Greenwood Nursing and Rehab is proud to serve Topsfield. The Agawam tribe inhabited Topsfield prior to and during the British colonization in the early seventeenth century. They were one of the Algonquian peoples. They claimed the land north of the Danvers River, the whole of Cape Ann and from there to the Merrimack River. However, the first European explorers had brought smallpox to New England, decimating all the shore tribes from the Penobscot River to Narragansett Bay in 1616.
Chief Masconomet, for whom Masconomet Regional High School is named, was the sagamore or chief of the Agawam at this time. He welcomed Massachusetts Bay Colony Governor John Winthrop on his arrival in Salem Harbor in 1630. Masconomet deeded all the Agawams' land to Winthrop in 1638 in exchange for twenty pounds sterling. The English had settled within the bounds of modern-day Topsfield by 1643. They originally named their settlement New Meadows. Tradition has long held that the Agawam called the place Shenewemedy, meaning "the pleasant place by the flowing waters." More recent historians believe that Shenewemedy was how the Agawam pronounced New Meadows, rather than a word in their own language.
The General Court of Massachusetts renamed the place Topsfield in 1648, undoubtedly after Toppesfield, England, a small parish in the county of Essex north of London. Topsfield was incorporated as a town in 1650. Masconomet died in 1658 and was buried on Sagamore Hill, now in Hamilton. Nine years later, two young men were punished for digging up the grave of the Sagamore and carrying his skull on a pole. Native Americans were held in low regard and were poorly treated by the colonists. There is no record of hostilities between the colonists and Native Americans in Topsfield, however, even during the French and Indian Wars, which covered the period 1689-97. The Topsfield town records last mention Native American residents in 1750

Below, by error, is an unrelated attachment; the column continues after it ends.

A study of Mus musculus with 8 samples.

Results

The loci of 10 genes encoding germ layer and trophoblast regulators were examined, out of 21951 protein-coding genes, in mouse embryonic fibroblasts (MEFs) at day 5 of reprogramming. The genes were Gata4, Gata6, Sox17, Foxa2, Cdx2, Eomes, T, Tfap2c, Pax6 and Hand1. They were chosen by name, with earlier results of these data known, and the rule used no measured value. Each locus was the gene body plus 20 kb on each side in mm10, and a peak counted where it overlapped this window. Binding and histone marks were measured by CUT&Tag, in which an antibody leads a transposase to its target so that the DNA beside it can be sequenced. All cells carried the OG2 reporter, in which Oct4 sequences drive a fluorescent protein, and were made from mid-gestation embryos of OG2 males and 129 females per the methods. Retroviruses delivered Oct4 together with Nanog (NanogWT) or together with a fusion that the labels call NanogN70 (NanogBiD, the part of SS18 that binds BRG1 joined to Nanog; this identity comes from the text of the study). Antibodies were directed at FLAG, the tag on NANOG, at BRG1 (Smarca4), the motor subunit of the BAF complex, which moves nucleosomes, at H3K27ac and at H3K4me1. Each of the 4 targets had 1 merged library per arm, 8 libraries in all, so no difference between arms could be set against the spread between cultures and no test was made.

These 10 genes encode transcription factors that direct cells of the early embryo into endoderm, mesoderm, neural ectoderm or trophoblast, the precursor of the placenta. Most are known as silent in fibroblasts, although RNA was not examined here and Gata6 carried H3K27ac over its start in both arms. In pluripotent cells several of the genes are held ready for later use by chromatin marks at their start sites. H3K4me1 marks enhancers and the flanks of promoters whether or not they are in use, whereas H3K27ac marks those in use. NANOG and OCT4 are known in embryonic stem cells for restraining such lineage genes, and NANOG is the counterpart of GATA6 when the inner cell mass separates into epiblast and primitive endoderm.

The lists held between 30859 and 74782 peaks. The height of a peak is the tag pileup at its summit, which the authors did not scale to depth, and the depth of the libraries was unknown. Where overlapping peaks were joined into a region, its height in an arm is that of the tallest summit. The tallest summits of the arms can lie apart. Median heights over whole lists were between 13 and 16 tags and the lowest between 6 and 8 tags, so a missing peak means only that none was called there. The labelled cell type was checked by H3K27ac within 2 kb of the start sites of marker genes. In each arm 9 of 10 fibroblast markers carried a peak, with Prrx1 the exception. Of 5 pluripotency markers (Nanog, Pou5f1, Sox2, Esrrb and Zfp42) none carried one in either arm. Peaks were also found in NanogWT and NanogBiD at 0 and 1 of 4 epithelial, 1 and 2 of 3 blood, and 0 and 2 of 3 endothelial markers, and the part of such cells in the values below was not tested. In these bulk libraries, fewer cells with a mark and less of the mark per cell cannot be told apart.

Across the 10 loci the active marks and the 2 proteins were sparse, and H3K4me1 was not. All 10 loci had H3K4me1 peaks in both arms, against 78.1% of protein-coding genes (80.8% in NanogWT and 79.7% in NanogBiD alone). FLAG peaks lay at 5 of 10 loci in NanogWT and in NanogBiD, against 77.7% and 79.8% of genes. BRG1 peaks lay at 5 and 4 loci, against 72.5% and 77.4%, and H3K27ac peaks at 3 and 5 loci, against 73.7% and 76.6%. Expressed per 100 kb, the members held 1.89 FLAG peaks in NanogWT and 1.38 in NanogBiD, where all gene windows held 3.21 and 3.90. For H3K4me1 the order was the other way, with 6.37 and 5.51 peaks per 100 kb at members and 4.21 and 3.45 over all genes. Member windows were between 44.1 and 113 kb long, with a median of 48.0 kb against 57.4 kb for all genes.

What Topsfield is most known for is the colorful and often exciting history of Topsfield Fair. It began in 1818 when the Essex Agricultural Society, the non-profit organization that owns the Topsfield Fair, was officially granted a charter on June 12th of that year.
The goal of the fledgling Society, formed by a group of "practical farmers" who first met on February 16, 1818, was "to promote and improve the agricultural interests of farmers and others in Essex County."
Now, nearly 200 years later, the Society still strives to do this, "to encourage, promote and preserve Essex County agricultural activities and to educate the general public regarding their importance in an atmosphere of fun and excitement through the medium of the Topsfield Fair."